Colin Callon 1932 – 2007

 Colin Callon
Colin Callon

Colin Callon was born in St Helens in 1932 in the heart of industrial Northern England, a town built on glassmaking, coal and rugby league.
His terraced home backed onto huge tips of chemical waste and industrial sand quarries. It could not by any stretch of the imagination be called scenic or beautiful.
In his late teens however, Callon discovered the joys of walking and as he began to explore the local countryside he was inspired to start sketching from life.
Like a number of successful artists Callon worked as a graphic designer for most of his life, first at the St Helens Reporter and subsequently at the Wigan Observer where he was instrumental in the publication winning an award for newspaper design.
Although he also worked in oil and pastel his favourite medium was watercolour treated in a broad and free style. The influence of the Impressionists is apparent but his favourite artists were Singer Sargant, Russell Flint, Wyeth, David Cox and Peter de Wint.
His subject matter covered portraiture, still life ( especially of flowers), the industrial areas around St Helens and the sea.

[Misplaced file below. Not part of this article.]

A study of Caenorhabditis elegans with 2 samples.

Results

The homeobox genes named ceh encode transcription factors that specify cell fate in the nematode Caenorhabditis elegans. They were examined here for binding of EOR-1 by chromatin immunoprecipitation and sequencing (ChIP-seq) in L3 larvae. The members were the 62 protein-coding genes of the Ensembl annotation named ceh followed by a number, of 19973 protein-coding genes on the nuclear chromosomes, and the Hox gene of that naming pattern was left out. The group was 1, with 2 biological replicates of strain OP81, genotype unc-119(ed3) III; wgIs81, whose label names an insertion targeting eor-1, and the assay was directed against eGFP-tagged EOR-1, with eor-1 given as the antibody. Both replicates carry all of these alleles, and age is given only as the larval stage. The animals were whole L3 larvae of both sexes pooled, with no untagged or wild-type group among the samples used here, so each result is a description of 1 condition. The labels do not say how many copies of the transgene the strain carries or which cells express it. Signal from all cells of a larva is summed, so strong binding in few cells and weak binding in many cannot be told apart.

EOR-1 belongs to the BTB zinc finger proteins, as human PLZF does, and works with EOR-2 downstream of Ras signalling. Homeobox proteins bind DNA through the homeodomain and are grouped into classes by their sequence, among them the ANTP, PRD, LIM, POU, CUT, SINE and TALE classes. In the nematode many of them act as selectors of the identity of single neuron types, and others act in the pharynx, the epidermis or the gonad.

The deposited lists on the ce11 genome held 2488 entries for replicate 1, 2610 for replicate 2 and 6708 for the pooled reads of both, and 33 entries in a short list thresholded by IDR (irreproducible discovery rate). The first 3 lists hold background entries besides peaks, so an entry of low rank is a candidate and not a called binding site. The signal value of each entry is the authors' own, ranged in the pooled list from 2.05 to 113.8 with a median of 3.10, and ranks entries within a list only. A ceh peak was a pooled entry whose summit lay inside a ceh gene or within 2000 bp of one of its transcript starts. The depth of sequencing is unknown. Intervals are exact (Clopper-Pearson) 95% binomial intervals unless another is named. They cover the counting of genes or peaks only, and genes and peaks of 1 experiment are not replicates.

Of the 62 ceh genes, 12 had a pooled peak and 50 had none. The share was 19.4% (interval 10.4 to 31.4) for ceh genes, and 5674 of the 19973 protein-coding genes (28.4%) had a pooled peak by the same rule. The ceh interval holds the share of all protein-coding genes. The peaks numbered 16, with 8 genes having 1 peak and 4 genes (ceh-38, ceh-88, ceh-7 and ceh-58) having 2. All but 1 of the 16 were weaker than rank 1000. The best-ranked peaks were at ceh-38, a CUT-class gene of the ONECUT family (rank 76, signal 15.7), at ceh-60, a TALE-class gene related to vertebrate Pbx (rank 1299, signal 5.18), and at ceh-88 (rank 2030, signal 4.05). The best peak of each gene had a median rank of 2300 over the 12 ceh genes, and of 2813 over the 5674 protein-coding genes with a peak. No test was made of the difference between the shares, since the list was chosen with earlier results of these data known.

Above all though, Callon was a landscape painter and in true English tradition he painted outdoors in all weathers- sun, rain and snow – and in all seasons.
His favourite locations included the Lake District, Anglesey, Cornwall and the Yorkshire Dales. The West Pennine Moors especially around Rivington and Winter Hill were a constant source of inspiration and Callon returned time and again to this area to capture its rugged beauty.
After his retirement, Callon devoted himself full-time to painting and his work was shown at exhibitions in Manchester, Salford, Preston and Liverpool. His first one-man exhibition was at the Atkinson Gallery in Southport entitled One Man’s Dream.
Major retrospectives have been held at The Godfrey Pilkington Gallery in St Helens in 2008 and at Spring Cottage Gallery in 2009. Callon is remembered as a hugely talented and highly respected artist.
All proceeds from the sale of Callon’s work now go to support the Willowbrook Hospice, Prescot, Merseyside.